Debt Collection and the FDCPA
The Fair Debt Collection Practices Act (FDCPA), 15 U.S.C.A. § 1692 et seq, is a federal law that governs the process of debt collection. It was created in part to minimize harassment towards debtors. More specifically, the FDCPA was enacted in order to reign in what Congress perceived as a widespread use of false, unfair, abusive, and misleading debt collection practices. The FDCPA does not typically apply to original creditors. An original creditor is the person or business to whom the debt is originally owed. Rather, the Act is aimed at regulating third party debt collection agencies, who may or may not be attorneys and thus are not always trained in the law. In Pennsylvania, the state legislature has incorporated much of the language of the FDCPA into the Fair Credit Extension Uniformity Act (FCEUA), 73 P.S. § 2270.01 et seq.
The important difference between the FDCPA and the FCEUA is that the FCEUA regulates original creditors as well as debt collectors.
The prohibited actions for creditors are substantially the same requirements that the FDCPA places on third party debt collectors. However, the FCEUA does not provide the same leverage as the FDCPA, because the money damages are limited and discretionary. It is important to note that, certain commercial debts are not covered by the FDCPA. The broad definition of “debt" under the Act includes the limitation that it must have been incurred for “personal, family, or household purposes." Section 1692a(4).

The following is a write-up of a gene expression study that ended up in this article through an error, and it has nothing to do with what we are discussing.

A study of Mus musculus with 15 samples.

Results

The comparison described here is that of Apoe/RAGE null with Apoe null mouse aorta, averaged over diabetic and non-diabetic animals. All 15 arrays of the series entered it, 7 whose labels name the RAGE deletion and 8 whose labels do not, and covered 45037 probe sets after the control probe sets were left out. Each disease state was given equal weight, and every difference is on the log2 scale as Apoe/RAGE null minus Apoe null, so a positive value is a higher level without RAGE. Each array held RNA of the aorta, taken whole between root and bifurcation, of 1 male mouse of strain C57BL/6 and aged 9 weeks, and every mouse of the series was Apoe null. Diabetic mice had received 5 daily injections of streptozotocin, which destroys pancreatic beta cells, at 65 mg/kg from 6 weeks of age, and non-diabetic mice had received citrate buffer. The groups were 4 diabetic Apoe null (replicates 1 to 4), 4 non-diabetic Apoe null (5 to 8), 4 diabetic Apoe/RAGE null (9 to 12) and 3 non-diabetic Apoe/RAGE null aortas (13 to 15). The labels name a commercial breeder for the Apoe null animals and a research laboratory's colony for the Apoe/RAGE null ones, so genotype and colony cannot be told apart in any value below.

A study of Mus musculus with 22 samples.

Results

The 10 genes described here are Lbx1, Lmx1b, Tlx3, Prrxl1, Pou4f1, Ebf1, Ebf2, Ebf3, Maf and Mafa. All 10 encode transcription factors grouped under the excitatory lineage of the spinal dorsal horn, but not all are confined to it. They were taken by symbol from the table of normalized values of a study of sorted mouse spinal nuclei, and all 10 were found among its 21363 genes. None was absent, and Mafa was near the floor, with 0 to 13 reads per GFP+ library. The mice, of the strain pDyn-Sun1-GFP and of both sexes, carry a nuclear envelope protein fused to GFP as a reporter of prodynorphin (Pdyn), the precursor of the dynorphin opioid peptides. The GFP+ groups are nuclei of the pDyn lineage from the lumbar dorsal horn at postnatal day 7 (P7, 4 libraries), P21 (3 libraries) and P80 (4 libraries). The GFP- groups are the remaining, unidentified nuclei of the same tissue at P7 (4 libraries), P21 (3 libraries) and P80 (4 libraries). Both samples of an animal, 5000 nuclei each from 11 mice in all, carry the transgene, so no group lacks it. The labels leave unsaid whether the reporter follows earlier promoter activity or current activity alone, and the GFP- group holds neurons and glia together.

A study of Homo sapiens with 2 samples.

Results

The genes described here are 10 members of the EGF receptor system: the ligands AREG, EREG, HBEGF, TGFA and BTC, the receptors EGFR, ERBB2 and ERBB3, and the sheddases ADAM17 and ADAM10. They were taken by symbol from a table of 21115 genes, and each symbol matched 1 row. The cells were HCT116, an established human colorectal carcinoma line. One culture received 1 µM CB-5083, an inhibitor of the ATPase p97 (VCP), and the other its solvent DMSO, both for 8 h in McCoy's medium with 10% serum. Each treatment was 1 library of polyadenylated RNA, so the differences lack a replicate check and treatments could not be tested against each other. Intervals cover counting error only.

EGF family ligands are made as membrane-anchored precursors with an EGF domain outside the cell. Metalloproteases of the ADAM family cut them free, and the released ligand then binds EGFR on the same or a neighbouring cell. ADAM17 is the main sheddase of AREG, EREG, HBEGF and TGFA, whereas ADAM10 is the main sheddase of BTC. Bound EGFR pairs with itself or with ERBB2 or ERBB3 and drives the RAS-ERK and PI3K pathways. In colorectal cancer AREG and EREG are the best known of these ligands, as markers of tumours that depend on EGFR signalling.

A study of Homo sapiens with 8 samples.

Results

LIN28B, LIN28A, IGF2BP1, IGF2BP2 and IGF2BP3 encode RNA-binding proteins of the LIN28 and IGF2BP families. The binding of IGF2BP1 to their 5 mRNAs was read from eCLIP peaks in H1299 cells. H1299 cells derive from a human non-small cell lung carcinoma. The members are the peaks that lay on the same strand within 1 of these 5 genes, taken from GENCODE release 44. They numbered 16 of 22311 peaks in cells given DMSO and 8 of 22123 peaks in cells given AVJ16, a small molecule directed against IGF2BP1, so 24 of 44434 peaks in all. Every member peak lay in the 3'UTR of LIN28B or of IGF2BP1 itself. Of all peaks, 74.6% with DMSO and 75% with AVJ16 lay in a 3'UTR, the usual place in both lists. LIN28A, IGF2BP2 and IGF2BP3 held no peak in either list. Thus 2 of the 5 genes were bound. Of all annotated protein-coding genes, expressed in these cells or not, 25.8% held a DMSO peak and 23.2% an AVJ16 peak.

The Federal Trade Commission has published text of the FDCPA online at http://www.ftc.gov/os/statutes/fdcpa/fdcpact.shtm.
Basically, the FDCPA places limitations on communications from the debt collector to the consumer and third parties, including:
What does the everyday consumer/debtor need to know? The statute of limitations under the FDCPA is one year. The FDCPA is a strict liability statute, which means that a consumer only needs to prove a mere technical violation of the law. Section 1692k sets forth the amount of damages for violation of the Act. The consumer may collect any actual damages sustained as a result of a violation. Actual damages are out of pocket losses. However, the consumer does not have to prove an actual loss. The court has the discretion to award additional damages up to $1,000.00 as punishment to the debt collector. Most importantly, “in the case of any successful action to enforce the foregoing liability" the court shall award “the costs of the action, together with a reasonable attorney's fee as determined by the court." If the consumer can prove even one technical violation of the FDCPA, the debt collector must pay the plaintiff’s attorney fees. This provision places considerable leverage in the hands of the consumer, because often the debt collection companies will have insurance and insurance companies understand that if they lose, they will be paying both side's attorneys. Hence, there can be significant pressure on insurance companies to settle these cases.